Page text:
Tools run on an air compressor can make home repairs and hobbies easy and effortless. Professionals who use air compressors rely on their effectiveness to save time and effort. Air-powered tools can be environmentally sensitive and flexible. With the wide variety of air compressors on the market, it makes sense to do your research and to know what to look for to choose the right air compressor.
- Skill level:
- Moderately Easy
- Tool requirements
- Plans for using the tools
- Power source
Check the required ratings on your tools before beginning the search for a new air compressor. Most tools require a pounds per square inch, or PSI, rating of at least 90. More PSI is better if you plan to add more tools to your inventory that may require higher ratings.
Look for air compressors that deliver three to four cubic feet per minute (CFM) per 90 PSI. The CFM measures the volume of air that is moving through the compressor and is usually paired with the PSI to provide the rating. Look for a higher CFM rating if you intend to run more than one tool at a time off the compressor.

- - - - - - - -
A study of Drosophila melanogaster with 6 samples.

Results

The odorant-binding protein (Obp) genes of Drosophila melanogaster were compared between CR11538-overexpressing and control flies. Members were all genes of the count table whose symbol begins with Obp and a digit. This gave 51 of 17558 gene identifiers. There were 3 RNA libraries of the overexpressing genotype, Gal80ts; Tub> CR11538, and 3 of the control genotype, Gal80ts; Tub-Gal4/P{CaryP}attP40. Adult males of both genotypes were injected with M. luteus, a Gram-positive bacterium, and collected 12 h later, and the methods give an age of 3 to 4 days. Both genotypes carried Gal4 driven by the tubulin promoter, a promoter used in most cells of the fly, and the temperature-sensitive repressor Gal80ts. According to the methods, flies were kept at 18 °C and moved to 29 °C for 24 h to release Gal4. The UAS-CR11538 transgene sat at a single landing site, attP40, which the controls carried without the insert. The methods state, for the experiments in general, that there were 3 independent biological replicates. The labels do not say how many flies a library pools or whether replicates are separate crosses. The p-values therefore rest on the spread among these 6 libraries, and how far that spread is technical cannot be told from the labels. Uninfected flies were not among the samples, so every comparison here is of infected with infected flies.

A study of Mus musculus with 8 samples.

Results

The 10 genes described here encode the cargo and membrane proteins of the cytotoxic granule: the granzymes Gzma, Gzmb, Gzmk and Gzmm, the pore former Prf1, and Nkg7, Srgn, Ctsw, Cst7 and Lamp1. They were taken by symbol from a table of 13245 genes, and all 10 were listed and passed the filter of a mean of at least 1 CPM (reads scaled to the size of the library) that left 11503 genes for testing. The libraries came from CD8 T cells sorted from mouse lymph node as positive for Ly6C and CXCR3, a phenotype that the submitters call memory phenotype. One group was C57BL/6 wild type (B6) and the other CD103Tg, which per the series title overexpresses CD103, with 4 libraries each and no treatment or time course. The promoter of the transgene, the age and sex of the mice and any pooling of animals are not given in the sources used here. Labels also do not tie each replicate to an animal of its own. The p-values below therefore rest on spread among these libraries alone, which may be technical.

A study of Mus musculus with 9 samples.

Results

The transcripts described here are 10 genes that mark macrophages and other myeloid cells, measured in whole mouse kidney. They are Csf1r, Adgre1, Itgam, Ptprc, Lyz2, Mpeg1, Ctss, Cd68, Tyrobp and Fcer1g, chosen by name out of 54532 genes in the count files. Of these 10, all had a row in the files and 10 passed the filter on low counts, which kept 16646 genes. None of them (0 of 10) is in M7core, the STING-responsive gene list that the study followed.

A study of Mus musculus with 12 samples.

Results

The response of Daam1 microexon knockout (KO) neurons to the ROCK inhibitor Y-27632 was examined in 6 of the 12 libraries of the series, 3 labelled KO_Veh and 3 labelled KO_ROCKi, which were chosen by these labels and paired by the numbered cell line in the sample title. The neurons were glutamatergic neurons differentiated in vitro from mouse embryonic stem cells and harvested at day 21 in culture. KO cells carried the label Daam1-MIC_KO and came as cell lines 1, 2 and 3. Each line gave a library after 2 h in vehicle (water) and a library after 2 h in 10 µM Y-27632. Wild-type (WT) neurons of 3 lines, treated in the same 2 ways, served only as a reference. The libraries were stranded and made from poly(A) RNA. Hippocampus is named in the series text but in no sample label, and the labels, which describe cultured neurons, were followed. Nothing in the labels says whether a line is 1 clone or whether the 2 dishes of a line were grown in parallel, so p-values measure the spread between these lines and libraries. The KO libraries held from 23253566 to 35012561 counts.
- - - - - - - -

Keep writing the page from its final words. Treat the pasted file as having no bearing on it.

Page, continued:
Consider the horsepower (HP) of the machine. Horsepower is rated on two levels -- the amount of power used to start the engine and the amount used while running. Find the running horsepower in the ratings on the compressor to match with the power requirements of your tools. A rating of 5 HP running is usually sufficient for home use.
Find an air compressor with a smaller tank and a larger motor if you run your tools continuously. The bigger tanks that hold more than 30 gallons of air at a time are best used for intermittent power tools, while smaller tanks, from 20 to 22 gallons, work best with bigger motors.
Determine how you will use the air compressor. Smaller compressors can easily be moved around a home or job site, while larger units are more stable and require a solid mounting area.
Know where the compressor will be used when choosing between electric and gas-powered machines. An outlet is necessary to run an electric model, but it is cleaner, whereas a gas-powered unit is more portable, yet releases fumes that may not be appropriate in enclosed areas.
Tips and warnings
- Look for an air compressor from a trustworthy manufacturer that has been in business for a while. Check reviews at Consumer Reports or other sites such as Air Compressor Resource.
- Inexpensive air compressors are widely available, yet they are not always the best bargain. Cheaper air compressors are meant to be disposable and replaced after about 100 hours of use.